James McClean leaves Twitter for a second time after Sectarian row
Sunderland midfielder James McClean has again quit the social networking site Twitter after receiving hateful Sectarian based abuse. The Daily Mail claims that he was advised to close his Twitter account by Sunderland boss Martin O’Neil following a brief meeting on Monday.
The midfielder rejoined the site two weeks ago, despite O’Neil warning him against using the micro-blogging platform. Upon finding out that McClean had rejoined the site, he said in his weekly press conference; “As long as he doesn’t talk about the club and use derogatory comments, then fine, and as long as he doesn’t swear. I will have to take a look at it and see. Has he learned? We will see. I am allowing it to settle down.”
Just weeks later, McLean received the abuse after he tweeted on Saturday; “On flight for the Marras game. Only one thing for it – headphones in, Wolfe Tones on! What’s everyone’s favourite song? Broad Black Brimmer edges mine.” The song tells the story of a boy whose father died before he was born, fighting in the IRA. The title refers to the wide brimmed hat worn by many within the IRA.
East Londonderry MP Gregory Campbell, of the DUP, criticized McLean by saying; “As someone playing football at a professional level for Sunderland, McClean should be an example to young people.” He was even clearer about what McClean should do, adding that O’Neil should speak to the player and advised the Sunderland boss to tell him; “Three simple words should suffice: Stick to football. If he doesn’t heed this then a final three words should be given: pack your bags.”
Last year he received death threats after refusing to wear a poppy on his Sunderland shirt, prompting him to delete his Twitter account, not before he had hit back at those abusing him, with his final tweet saying; “Love the dogs abuse am gettin of shock N.I fans, just worry about watchinur own country at the euros... oh wait #mybad #awkward haha.(sic)”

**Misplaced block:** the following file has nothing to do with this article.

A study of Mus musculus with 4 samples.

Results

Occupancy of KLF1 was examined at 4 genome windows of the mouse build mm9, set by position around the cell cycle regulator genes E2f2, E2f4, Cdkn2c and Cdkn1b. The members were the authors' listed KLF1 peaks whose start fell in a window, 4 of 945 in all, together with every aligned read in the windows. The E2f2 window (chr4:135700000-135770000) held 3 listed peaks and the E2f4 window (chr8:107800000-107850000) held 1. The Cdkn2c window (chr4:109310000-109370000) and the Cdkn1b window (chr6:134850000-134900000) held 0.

He was also critical of Ireland boss Giovanni Trapattoni after being an unused sub in the narrow 2-1 win over minnows Kazakhstan in September 2012, tweeting after the game; “Delighted as a fan we got the win.. Personal level #fuming #fuckingjoke #embarassing.”
McClean clearly hasn’t learned from the last time he quit Twitter. He must have realised that by tweeting that particular song would see him receiving vile sectarian abuse. While it is easy to blame McLean for such thoughtless use of Twitter, his management and club should also look at how they could have ensured that this type of incident didn’t happen again. Perhaps Sunderland should make their social media policy much clearer, if indeed they have one, or adapt it so that players using the site in a negative way receive a harsher punishment or even education on the use of digital media and the risks associated with such actions. Education seems key with the influence and potential in digital media something for sports teams to embrace and maximize the only way to ensure such examples become the thing of the past is through guidance, collaboration and an encouragement of positive use of platforms such as Twitter. As for McLean his latest, and surely last, foray into social media should serve as a stark warning to the midfielder who has further removed himself from, not only punters, but his club and manager where he could have instead used this opportunity to dramatically improve the perception that all held of him.